The U.S. International Trade Commission finally issued its decision on a patent dispute between Apple and HTC. The determination states that several of the manufacturer's Android-based handsets will be banned from sale and import in the United States on April 12, 2012. HTC says not to worry though -- they have a plan.
HTC dodged the bullet for 8 of the 10 patent accusations made in April, but those last two were still good enough to land an injunction from the ITC. The determination blocks several of HTC's Android-based devices from import and outright bans the sale of those devices in the U.S. It is currently unknown what exact phones are subject to the injunction.
So what's all the fuss about, this time? Apparently, Apple has patented clickable, actionable phone numbers and other types of data. For example, if someone texts their address to your iPhone, iOS detects that your friend sent you an address and makes it a clickable link. If you open the link, it will bring up the native map app and show you where that address is located. Android (and other software) happens to do the same thing. The blob of legalese for this is below:
Claim 1: A computer-based system for detecting structures in data and performing actions on detected structures, comprising: an input device for receiving data; an output device for presenting the data; a memory storing information including program routines including an analyzer server for detecting structures in the data, and for linking actions to the detected structures; a user interface enabling the selection of a detected structure and a linked action; and an action processor for performing the selected action linked to the selected structure; and a processing unit coupled to the input device, the output device, and the memory for controlling the execution of the program routines.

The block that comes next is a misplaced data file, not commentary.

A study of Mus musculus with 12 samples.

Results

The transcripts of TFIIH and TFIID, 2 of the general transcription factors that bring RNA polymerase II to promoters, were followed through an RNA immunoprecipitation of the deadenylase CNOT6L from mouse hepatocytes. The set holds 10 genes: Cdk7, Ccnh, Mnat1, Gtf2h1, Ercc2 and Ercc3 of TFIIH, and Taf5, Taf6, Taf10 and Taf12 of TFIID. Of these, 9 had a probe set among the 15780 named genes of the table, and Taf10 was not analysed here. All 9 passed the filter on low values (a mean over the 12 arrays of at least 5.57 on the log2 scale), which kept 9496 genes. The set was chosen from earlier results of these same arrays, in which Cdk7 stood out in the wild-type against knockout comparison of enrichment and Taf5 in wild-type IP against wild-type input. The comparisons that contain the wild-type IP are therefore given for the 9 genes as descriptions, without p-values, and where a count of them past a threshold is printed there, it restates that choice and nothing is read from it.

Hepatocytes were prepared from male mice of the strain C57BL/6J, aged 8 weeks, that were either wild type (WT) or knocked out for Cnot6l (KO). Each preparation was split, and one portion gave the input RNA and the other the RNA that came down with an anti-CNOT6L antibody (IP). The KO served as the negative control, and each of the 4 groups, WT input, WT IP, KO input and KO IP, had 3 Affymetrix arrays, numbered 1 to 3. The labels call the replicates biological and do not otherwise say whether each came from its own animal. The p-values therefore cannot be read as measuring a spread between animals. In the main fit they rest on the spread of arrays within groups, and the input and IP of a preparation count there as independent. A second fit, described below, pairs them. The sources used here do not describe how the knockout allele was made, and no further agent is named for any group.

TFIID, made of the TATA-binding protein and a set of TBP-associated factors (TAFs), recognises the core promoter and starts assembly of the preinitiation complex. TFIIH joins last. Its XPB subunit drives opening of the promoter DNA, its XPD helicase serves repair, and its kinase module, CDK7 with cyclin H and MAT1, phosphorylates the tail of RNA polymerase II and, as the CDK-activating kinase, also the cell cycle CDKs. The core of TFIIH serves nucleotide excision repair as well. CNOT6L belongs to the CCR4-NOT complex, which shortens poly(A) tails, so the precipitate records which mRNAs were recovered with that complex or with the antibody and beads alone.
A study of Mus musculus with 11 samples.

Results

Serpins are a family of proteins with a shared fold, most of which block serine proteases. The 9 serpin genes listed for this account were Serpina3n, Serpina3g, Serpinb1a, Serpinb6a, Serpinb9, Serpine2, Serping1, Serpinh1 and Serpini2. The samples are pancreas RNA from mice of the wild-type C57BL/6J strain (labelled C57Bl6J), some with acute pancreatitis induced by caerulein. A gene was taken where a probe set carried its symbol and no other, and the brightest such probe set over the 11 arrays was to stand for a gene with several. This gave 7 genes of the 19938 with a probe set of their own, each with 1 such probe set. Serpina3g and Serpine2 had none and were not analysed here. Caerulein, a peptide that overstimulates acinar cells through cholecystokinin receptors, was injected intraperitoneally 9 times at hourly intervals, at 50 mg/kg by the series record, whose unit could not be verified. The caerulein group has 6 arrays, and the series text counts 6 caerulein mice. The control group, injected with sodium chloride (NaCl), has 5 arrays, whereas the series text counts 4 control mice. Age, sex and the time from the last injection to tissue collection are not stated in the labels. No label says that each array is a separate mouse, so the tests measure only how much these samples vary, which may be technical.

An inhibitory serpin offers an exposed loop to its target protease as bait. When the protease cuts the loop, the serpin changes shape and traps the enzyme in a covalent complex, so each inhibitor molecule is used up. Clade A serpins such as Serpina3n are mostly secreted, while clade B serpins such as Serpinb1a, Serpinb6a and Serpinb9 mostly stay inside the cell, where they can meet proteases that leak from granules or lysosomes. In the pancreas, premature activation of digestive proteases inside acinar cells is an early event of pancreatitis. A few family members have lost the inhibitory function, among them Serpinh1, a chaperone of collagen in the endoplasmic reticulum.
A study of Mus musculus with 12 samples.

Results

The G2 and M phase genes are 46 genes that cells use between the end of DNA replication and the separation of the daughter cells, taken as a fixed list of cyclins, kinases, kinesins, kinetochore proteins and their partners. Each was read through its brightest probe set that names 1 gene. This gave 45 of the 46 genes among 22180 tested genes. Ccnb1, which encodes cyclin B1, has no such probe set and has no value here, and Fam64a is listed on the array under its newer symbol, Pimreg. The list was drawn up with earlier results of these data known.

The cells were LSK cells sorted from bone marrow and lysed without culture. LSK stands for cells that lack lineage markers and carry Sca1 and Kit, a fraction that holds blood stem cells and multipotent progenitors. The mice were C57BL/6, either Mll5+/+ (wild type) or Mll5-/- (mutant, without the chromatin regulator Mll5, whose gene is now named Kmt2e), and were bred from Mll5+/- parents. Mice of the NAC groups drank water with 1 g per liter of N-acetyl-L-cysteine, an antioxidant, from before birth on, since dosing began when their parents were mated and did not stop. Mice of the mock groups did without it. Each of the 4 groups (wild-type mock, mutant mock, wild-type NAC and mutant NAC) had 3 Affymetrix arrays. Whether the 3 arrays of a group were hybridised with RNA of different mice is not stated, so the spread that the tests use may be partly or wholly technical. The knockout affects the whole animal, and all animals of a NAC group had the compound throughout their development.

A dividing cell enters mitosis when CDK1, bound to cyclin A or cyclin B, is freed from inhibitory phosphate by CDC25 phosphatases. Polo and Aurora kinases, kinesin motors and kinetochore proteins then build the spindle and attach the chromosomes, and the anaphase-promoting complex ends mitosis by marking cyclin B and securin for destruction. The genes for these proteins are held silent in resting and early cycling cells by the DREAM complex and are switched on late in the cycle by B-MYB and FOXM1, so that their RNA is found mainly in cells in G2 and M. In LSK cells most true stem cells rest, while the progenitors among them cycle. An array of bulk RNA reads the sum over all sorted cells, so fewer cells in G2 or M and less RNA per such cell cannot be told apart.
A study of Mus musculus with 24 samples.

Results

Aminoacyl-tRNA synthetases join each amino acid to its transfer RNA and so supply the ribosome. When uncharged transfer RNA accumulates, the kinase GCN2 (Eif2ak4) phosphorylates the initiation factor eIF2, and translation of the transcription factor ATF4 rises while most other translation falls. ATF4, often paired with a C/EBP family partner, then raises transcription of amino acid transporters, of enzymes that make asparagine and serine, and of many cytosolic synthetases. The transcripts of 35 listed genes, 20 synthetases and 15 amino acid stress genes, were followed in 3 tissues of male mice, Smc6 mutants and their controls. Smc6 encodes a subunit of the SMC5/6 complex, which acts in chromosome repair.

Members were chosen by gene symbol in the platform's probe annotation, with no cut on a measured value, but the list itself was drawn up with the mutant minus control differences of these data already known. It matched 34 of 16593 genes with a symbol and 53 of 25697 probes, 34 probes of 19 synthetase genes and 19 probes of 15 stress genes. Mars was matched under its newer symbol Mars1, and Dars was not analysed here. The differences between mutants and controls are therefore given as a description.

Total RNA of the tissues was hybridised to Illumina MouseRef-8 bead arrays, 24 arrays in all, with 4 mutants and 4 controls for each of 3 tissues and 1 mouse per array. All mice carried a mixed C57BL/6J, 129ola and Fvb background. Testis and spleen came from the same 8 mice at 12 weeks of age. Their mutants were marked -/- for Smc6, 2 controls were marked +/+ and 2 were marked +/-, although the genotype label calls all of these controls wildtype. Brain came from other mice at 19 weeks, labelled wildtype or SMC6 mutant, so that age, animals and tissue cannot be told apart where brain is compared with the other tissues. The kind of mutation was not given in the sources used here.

Claim 8: The system recited in claim 1, wherein the user interface highlights detected structures.
HTC's stocks plummeted as word about the ruling surfaced, however, the company has apparently been preparing for such an event. The handset maker had its designers hard at work altering the features under dispute, effectively working around Apple's patent claims. There is no word on when the changes will make it consumers, but it is safe to assume it will be before April 12, 2012.
When a statement that HTC had been working around the problem was given to the Boy Genuis Report, HTC stocks soared once again.
“We are gratified that the commission affirmed the judge’s determination on the ‘721 and ‘983 patents, and reversed its decision on the ‘263 patent and partially on the ‘647 patent,” ... “We are very pleased with the determination and we respect it. However, the ‘647 patent is a small UI experience and HTC will completely remove it from all of our phones soon.”
Gizmodo reports the that Android 1.6 to 2.2 phones are affected. If this is true, the decision may ban the T-Mobile G2, MyTouch 3G, Hero, Desire, Aria, EVO, Droid Incredible and others. It would seem other manufacturers are at risk too, an example being Motorola's Droid. Let us not forget that many entry-level smartphones still sport older versions 1x and 2x versions.
In all honesty, the patent sounds broad enough to cover all versions of Android and even computer software like certain e-mail and calendaring clients. This could set a bad precedent for developers everywhere, including Google. The ITC's decision serves as an unnerving reminder of what a powerful weapon patents can be, even outside of the legal system.